Propelling Ghana into knowledge-based economy - World Bank’s Assessment

BY: Dr Edwin Acheampong
Propelling Ghana into knowledge-based economy - World Bank’s Assessment
Knowledge management is critical

For countries in the vanguard of the world economy, the balance between knowledge and resources have shifted so far towards the former that knowledge has perhaps become the most important factor determining the standard of living…today’s most technologically advanced economies are truly knowledge-based” (The World Bank).

The assertion that knowledge can be managed must not precipitate any form of doubt among readers who have read at least one of my write-ups on Knowledge Management.

I would like to reiterate that knowledge can be managed, much in the same way as we manage any type of resource or factor of production. Knowledge as a factor of production is acknowledged by the World Bank, and the world body believes knowledge has become the most important determinant of standard of living.

The World Bank has translated this belief into a grandiose plan to help countries transition into the knowledge economy; an economy that is shifting the basis for economic activity from material and labour inputs to knowledge and information input.

Assessment

A World Bank’s Knowledge for Development Policy Workshop (KDPW) held between May and September 2002 for Ghana, Tanzania and Uganda, enabled a knowledge economy benchmark assessment of Ghana and the other countries.

Inputs received from participants formed the basis of a Preliminary Knowledge-Economy Assessment of Ghana Report issued by the World Bank in September 2003.

A preliminary observation based on data analysed, including the Human Development Index (HDI), showed that Ghana had had a steady growth in human development and per capita income over 20 years, but its growth performance could have been improved.

The report revealed that Ghana risked falling further behind because it was not exploiting its potential and was not tapping into global knowledge.

Ghana was urged to continue to build conditions for the more effective creation, access and use of knowledge, while at the same time taking practical steps, driven by knowledge initiatives, to stimulate new forms of income generation.

In particular, the report encouraged Ghana to raise awareness among policymakers, the private sector and civil society on the challenges and opportunities of the knowledge revolution.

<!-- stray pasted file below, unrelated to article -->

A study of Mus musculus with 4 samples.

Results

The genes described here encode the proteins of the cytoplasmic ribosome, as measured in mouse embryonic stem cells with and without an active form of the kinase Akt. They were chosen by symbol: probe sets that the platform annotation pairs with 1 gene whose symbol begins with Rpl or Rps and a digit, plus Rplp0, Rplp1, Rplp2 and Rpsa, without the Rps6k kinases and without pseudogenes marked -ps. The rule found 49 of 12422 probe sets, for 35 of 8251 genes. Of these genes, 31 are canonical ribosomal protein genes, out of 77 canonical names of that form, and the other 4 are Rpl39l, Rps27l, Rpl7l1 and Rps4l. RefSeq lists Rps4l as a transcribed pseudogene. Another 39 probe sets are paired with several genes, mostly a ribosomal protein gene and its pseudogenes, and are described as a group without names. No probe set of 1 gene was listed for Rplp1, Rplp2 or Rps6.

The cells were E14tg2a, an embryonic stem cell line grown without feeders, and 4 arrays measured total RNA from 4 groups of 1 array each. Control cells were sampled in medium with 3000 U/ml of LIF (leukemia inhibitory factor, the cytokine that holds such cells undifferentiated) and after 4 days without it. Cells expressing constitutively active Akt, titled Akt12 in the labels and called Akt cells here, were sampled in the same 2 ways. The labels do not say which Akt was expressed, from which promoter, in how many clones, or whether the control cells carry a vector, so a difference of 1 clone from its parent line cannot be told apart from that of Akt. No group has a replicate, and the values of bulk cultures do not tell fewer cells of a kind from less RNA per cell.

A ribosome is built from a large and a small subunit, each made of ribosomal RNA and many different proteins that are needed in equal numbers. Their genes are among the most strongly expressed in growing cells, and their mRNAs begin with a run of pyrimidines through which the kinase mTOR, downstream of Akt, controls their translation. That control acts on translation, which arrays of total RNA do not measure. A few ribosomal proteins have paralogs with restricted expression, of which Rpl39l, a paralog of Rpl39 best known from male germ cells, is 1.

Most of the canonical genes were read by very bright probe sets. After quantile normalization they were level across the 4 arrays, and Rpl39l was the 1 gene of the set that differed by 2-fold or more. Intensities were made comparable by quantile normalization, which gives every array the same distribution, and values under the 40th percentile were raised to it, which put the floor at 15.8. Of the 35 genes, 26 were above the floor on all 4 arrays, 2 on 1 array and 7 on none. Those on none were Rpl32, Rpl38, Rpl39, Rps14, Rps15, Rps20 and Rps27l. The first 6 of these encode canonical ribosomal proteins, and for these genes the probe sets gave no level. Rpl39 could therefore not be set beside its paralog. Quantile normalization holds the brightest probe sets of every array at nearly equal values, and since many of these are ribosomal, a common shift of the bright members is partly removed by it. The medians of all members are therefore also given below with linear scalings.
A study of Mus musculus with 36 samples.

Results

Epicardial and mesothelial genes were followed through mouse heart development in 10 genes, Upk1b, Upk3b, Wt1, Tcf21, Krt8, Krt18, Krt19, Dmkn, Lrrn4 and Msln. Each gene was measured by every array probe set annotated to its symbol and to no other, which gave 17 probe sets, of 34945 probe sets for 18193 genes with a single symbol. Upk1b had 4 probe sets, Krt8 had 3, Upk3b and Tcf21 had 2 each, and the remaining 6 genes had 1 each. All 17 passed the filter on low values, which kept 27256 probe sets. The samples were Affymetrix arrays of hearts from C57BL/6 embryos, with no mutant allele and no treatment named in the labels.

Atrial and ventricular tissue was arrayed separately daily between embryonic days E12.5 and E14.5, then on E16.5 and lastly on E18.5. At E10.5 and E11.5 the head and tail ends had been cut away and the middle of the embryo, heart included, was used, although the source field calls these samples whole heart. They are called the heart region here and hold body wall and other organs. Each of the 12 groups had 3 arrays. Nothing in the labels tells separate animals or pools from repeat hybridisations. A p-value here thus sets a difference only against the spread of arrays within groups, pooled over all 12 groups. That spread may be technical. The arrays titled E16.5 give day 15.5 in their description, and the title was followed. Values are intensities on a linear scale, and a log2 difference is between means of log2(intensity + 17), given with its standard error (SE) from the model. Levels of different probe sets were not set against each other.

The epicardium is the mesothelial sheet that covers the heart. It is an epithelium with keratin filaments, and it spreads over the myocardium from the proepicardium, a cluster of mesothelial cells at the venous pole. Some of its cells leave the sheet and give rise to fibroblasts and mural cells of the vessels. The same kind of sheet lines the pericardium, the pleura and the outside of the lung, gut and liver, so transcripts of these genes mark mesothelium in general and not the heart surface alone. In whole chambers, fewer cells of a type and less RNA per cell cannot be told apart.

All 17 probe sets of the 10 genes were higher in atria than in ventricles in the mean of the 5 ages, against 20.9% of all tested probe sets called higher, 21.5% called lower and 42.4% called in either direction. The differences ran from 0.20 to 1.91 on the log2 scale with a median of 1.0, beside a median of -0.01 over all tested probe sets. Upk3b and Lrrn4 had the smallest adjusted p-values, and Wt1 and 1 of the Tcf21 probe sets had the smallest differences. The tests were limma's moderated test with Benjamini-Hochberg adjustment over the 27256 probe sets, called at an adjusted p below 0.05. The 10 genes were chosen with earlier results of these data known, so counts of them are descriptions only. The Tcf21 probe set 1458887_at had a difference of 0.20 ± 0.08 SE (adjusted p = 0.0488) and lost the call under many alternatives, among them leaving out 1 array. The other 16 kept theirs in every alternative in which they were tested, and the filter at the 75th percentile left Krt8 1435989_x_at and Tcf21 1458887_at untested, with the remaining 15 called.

Localising global knowledge economy agenda

Ghana may not have come out of the Knowledge for Development Policy Workshop held in 2002 with a mindset to consider and implement the recommendations of the World Bank, but some modest strides were made after the workshop.

A dividend from the workshop was the drafting of the National Information Communication Technology for Accelerated Development (ICT4AD) Policy document in June 2003.

It is a policy document intended for the realisation of the vision to transform Ghana into an information-rich knowledge-based society through the development, deployment and exploitation of ICTs within the economy.

Given the myriad of factors against Ghana as a developing economy, the country cannot afford the huge financial outlay that will attend any attempt to implement all the recommendations of the World Bank to transition Ghana into the knowledge economy.

The reality of lack of informed leadership and lack of support from the government, development partners, and other stakeholders for local initiatives to create knowledge-based economy awareness are two stumbling blocks that confront Ghana as attempts are made to localise the global knowledge economy phenomenon by taking small steps at the individual and organisational levels

However, the National Information Technology Agency (NITA) is uniquely positioned to support a Public Sector-led Knowledge revolution through a knowledge-based economy localisation concept which leverages ICTs in the public sector.

With leadership support, Ministries, Departments and Agencies (MDAs) and Metropolitan, Municipal and District Assemblies (MMDAs) can begin to consciously manage their knowledge resources by deploying a host of Knowledge Management techniques and practices, including Communities of Practice (CoPs), Knowledge Harvesting, Before- and After-action Reviews, and Knowledge Repositories.

Dividends from these practices will transform public service delivery and turn MDAs and MMDAs not only into knowledge seekers but learning organisations where employees have easy access to requisite knowledge and know-how and stimulated learning spirits.

Knowledge Kinetics Organisation (2KO) appeals to the government, development partners and relevant stakeholders to support Knowledge Management initiatives for public depends on consciously exploring and exploiting local and global knowledge across all the productive sectors of the economy while encouraging innovation and creativity.

The writer is the CEO of Knowledge Kinetics Organisation (2KO).